Here is an example.

    
Probably to keep his question from getting closed due to the self-promotion of his website. edit: well maybe not, idk –  advs89 Mar 22 '11 at 20:26
    
@ArthurRex: I see only a gerund. If that is a dangling participle, it must be too tiny to discern. –  Cerberus Mar 23 '11 at 19:48

up vote 14 down vote accepted
+200

As jargon for an unsolicited sales pitch, cold call, was used way before the 1970s. The earliest use I can find is from Volume 100 of The American Magazine in 1925:

. . . I do need insurance.' He signed up forthwith for five thousand dollars. "I suppose you might call that opportunity a 'hunch.' I had no introduction to the man, no personal link of any kind. It was a cold call, and it won.

This snippet is all I can get through Google. If anyone can access this magazine, it would be great to get more context for the quote. The term seems to have been popularized thereafter by salesmen trade publications in the later 1920s.

The phrase itself is most likely older than this. I have two other citations where the meaning of its use is not exactly clear to me. The first is from a collection of field notes taken by British entomolgist Augustus Radcliffe Grote and published in 1877:

I also had visitors still higher up in the scale of nature. Some Indians, from the Reservation near by, paid me a cold call. These did not come to 'sugar,' reconnoitring perhaps for whisky.

This seems to suggest that the phrase may have formed as a variation of the phrase pay a call (in use since the early 1800s and itself a variation of pay a visit--in use since at least the mid-1600s). But it could also just be describing the demeanor of the Indians.

The second is substantially earlier and is from Vol. XII of The Oriental Herald, and Journal of General Literature, 1827:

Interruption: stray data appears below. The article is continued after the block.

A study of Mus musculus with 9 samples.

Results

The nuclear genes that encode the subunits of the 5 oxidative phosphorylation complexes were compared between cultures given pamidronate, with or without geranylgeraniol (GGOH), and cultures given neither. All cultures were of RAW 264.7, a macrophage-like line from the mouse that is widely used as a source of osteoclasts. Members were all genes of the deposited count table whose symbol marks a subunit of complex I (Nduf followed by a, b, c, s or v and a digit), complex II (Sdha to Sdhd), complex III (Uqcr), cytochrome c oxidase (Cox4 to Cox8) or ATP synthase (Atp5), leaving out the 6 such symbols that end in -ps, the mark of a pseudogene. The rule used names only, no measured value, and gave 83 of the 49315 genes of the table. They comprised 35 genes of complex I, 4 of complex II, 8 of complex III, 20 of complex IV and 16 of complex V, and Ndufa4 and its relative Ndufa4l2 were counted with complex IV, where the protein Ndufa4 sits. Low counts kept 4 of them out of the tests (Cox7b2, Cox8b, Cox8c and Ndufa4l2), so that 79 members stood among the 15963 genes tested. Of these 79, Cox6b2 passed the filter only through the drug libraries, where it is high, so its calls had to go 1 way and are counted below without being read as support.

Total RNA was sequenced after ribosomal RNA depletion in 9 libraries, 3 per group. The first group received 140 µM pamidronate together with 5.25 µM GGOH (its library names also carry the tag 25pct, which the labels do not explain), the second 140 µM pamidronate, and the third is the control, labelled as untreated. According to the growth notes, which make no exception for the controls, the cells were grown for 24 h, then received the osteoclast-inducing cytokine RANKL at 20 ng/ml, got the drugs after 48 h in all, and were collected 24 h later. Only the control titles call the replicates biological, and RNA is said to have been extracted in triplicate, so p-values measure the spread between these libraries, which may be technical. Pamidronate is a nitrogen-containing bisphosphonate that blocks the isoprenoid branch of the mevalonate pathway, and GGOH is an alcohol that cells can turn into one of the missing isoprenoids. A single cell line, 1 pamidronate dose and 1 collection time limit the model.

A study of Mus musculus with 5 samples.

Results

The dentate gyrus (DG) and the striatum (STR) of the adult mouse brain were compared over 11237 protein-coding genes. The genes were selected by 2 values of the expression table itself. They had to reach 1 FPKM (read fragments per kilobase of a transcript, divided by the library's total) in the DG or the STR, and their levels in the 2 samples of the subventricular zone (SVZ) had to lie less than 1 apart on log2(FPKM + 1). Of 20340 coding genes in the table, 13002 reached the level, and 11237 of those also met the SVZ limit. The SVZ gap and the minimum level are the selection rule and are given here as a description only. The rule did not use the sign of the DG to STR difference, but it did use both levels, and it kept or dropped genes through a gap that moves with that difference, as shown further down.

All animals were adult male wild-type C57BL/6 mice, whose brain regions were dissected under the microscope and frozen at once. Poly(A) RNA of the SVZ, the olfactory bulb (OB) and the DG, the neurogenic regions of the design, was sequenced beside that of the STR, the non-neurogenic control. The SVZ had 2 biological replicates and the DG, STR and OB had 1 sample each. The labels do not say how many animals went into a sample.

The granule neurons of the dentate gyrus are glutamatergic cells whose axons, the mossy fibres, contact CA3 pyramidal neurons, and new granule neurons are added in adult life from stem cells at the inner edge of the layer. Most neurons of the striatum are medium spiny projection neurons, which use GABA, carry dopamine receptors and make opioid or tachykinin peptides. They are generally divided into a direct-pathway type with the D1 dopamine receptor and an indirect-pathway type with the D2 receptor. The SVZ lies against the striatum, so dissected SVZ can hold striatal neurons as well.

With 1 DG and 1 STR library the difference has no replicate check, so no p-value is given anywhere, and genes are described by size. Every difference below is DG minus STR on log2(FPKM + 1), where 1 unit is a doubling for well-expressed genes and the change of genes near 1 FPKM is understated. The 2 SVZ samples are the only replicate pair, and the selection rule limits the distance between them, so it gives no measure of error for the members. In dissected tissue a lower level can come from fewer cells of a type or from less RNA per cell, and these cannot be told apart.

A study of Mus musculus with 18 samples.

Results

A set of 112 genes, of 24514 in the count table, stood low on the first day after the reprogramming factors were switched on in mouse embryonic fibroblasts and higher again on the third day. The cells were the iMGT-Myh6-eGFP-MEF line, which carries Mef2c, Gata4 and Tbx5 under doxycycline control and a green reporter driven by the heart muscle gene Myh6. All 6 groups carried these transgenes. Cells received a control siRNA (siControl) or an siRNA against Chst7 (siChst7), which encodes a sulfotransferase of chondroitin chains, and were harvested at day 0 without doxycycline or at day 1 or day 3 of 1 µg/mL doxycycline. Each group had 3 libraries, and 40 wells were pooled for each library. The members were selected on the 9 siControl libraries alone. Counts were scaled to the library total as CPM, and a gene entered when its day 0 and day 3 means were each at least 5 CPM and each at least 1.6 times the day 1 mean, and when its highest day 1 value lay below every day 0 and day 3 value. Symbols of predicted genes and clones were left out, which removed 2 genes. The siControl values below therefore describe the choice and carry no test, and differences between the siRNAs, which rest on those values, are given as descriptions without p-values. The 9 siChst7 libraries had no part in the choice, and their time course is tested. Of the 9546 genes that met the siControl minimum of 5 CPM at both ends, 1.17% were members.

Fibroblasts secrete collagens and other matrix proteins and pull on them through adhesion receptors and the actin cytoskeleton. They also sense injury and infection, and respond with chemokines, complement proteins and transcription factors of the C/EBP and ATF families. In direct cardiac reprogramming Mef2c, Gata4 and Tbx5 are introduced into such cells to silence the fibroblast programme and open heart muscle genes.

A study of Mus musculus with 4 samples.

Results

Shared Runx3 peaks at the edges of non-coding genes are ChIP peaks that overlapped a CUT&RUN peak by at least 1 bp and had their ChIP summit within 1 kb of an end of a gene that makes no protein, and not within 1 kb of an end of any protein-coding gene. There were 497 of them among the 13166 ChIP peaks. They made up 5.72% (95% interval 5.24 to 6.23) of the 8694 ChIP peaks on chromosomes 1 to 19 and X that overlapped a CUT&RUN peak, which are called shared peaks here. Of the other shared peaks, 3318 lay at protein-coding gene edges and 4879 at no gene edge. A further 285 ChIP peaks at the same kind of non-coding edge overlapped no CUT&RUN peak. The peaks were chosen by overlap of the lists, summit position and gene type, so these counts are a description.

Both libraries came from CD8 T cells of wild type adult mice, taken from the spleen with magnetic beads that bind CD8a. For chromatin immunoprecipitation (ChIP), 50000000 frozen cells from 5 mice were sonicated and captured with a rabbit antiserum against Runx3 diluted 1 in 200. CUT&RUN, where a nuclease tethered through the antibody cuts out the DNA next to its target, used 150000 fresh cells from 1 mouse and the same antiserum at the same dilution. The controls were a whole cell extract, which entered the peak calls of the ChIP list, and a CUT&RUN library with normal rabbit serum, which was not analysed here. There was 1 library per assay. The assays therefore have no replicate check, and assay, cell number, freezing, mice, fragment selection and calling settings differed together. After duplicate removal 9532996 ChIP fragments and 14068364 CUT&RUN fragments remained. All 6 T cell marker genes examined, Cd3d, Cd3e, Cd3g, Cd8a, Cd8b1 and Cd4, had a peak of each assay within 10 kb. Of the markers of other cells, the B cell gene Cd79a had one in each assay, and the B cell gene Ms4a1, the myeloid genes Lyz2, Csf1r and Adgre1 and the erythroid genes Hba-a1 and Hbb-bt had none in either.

The same feeling forbade to wait the result of a cold call for Colonel J. W. Adams's services ; and the staff of the army was completed before that veteran could recal his leave of absence on account of sickness.

Again, it is unclear what exactly is meant by cold in this citation. It could mean the call was calculated and unfeeling, but it could also imply that it was unexpected.


cold call verb and noun (Business World) In marketing jargon, transitive verb: To make an unsolicited telephone call or visit to (a prospective customer) as a way of selling a product. noun: A marketing call on a person who has not previously expressed any interest in the product. Also as an action noun cold calling. Etymology: Formed by compounding: the call, whether by telephone or in person, is made cold, without any previous warm-up, or preparation of the ground. History and Usage: The term was first used in the early seventies as a more jargony equivalent for 'door-to-door selling' (and at that time cold calling was mostly done door-to-door); in the eighties the rise of telemarketing (see tele-) and the emphasis on 'hard sell' has meant a huge increase in cold calling by telephone.


When you make a "cold call", you are calling upon someone whom you have never spoken to and know little about, therefore the lead is "cold" -- you don't know if they will be interested or not. Hopefully (for you) the cold call will produce a warm lead, bringing you closer to a sale. But since "cold calling" is less likely to produce a sale than calling someone you know is interested, it's referred to as "cold" whereas the later is "warm" or "hot".

Interesting to see from the other answers that it does predate the telephone, but this makes since as the verb "call" can also mean to visit somebody in person.

    
+1 jargon hot/warm/cold for sales leads. I think this is the correct answer. –  nohat Mar 23 '11 at 20:11

cold calling : A method of selling a product or service in which a sales representative makes calls, door-to-door, by post, or by telephone, to people who have not previously shown any interest in the product or service. In the UK, the selling of investments by cold calling is regulated by the Financial Services Act 1986.

As you can see in this example, cold-calling encompasses "making a call" whether by mail, door-to-door, or by telephone.

The usage of "calling" as visiting in person definitely pre-dates the usage of "cold-calling" as well.

1 : "cold calling" A Dictionary of Accounting. Ed Jonathan Law and Gary Owen. Oxford University Press, 2010. Oxford Reference Online. Oxford University Press.